Seven Stores in Ashes!!
From Thirty to Forty Thousand Dollars Worth of Property Destroyed!

Originally published in the "Decatur Weekly Gazette", 5 Jan 1859

Last night, (the 30th inst.) at about 12 o'clock, our citizens were aroused by the alarm of fire. when it was found that a small frame building occupied by Lowenstein & Bro's Young America Clothing House, was in flames. Before it could be extinguished the flames caught into the adjoining three story wood building on the east, known as Templar's Hall, the first story of which was occupied by T.H. Wingate's New York Store, and John Holsworth, as a bakery and confectionary. The rear of the building occupied by James Faust as a hat and cap store, on Water street, was discovered to be on fire about the same time. The fire also spread rapidly toward the west, inclosing the Auctions store of Fuller & Genton, from thence to Wm. Scanlon, a clothing store, from thence to George Goodman's grocery and provision store, where the ravages ceased, the adjoining building being brick, resisted the flames. The stock of hats and caps, in the store of James Faust, were mostly saved, but in a damaged condition, damaged about 400 dollars. The stock of the Young American Clothing House was entirely consumed. Insured for $5000. The Confectionary and Bakery stock was also lost. Insured, $1000. The greater portion of the goods in Fuller and Benton's Auction Store were lost. Part of the stock of Groceries in Goodman's Grocery Store were saved. Damaged about $400. We are not advised as yet of the aggregate amount of loss, but suppose it to be near $30,000. Four of the buildings, viz: the Hat Store, the N.Y. Store, the Young American, and the confectionary belonged to B.F. Montgomery. The Auction Store belonged to C.H. Fuller, and the Grocery building to Goodman and Baker. On Montgomery's buildings were was no insurance. We are not advised whether the other buildings are insured or not.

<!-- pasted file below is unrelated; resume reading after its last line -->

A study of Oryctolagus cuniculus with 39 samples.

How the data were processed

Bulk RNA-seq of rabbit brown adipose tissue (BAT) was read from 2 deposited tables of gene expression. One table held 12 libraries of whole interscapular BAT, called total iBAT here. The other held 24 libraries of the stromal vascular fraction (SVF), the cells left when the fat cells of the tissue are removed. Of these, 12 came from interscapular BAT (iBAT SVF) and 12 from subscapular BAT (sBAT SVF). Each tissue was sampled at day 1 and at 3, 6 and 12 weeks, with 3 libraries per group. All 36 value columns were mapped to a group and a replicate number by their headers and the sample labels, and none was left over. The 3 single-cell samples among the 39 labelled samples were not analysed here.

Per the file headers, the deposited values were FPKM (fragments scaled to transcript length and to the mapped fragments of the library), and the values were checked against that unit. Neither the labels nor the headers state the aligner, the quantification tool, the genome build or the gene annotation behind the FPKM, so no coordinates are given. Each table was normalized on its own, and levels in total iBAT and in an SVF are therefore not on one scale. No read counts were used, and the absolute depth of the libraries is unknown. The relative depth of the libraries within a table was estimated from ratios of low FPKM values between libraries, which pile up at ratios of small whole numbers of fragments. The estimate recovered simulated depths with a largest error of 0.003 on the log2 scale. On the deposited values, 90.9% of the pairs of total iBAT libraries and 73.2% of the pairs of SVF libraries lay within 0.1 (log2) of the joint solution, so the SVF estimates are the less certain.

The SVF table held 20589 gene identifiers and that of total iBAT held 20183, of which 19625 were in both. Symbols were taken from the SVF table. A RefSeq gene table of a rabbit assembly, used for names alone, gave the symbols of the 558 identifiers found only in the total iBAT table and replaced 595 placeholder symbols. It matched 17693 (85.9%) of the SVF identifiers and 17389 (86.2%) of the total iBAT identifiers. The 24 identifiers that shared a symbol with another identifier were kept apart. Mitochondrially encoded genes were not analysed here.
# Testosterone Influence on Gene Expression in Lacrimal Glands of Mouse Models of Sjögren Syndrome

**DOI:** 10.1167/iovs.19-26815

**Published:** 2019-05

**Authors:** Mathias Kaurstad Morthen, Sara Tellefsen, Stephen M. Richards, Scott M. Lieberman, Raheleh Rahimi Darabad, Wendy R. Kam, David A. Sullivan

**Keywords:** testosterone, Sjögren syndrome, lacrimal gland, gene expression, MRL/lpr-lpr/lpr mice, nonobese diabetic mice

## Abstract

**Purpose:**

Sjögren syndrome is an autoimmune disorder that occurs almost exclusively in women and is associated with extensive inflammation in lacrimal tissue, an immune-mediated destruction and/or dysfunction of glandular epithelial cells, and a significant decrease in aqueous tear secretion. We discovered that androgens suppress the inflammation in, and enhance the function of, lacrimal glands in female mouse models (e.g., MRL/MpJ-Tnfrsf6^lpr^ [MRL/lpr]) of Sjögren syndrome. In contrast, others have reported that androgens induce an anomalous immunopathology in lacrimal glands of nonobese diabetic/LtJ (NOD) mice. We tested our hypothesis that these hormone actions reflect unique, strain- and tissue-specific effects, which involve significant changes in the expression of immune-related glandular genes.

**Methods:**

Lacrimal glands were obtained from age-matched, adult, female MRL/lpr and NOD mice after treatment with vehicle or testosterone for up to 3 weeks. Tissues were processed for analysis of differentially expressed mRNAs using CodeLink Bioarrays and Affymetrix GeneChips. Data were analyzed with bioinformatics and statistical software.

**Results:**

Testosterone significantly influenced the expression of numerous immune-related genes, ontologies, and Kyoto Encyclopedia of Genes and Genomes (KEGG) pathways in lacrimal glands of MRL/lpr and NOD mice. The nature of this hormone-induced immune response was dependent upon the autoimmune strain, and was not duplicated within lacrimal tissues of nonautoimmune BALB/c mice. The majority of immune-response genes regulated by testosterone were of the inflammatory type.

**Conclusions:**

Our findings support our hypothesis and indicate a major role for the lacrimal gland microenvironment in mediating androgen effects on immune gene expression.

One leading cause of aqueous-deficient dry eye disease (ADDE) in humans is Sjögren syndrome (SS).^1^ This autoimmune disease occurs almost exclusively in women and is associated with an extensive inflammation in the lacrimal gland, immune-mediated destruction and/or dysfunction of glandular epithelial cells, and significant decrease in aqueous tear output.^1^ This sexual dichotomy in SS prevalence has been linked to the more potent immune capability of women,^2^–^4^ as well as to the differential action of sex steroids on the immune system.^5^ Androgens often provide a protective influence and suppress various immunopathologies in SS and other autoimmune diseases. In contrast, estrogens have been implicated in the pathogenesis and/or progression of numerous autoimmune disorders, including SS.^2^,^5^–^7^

Fire is said to have issued from the partition between the bakery and Lowenstein & Bro. A wooden door connected the two establishments. The bake oven was filled with wood for drying.

It is a matter of congratulation that in consequence of the calmness of the weather - not a breeze stirring - none of the fine bricks adjoining, and in close proximity to the burning buildings, were injured. Had it been otherwise than perfectly calm, the heart of our city must have been lain in ashes. Unprotected as we are against the ravages of fire, by oven ladders, water or buckets, nothing could be done but look on and see the devouring element do its work of destruction. Citizens arouse. Let last night's work admonish us to take some action in the way of averting a similar and more destructive fire. Let the City Council appoint fire wardens, prepare ladders and buckets, build cisterns, and be ready to protect our people against another such calamity.


A fellow, whose name we suppress for the preset(sic), was seen making off with a large mirror, but was overtaken and deprived of his booty. A large lot of goods were stolen, but we hope steps will be immediately taken by the officers to recover them and bring the guilty wretches to Justice. Desperately low in the scale of humanity must be the creature who would rob the unfortunate in the excitement of fire.

A fine New Foundland dog in the store of Loewenstein Bro's. being left in a back room was burned up; his charred remains were found in the ruins.

The heaviest loss has perhaps fallen upon Leowenstein Bros., as not an article on their extensive clothing house was saved, so rapidly did the flames extend at that point. - Both the proprietors being at the hotel in their beds at the time, their private property, including several valuable gold watches were destroyed with the rest. Mr. hardy, a clerk in the New York store, also lost his wardrobe and property amounting to $150.00.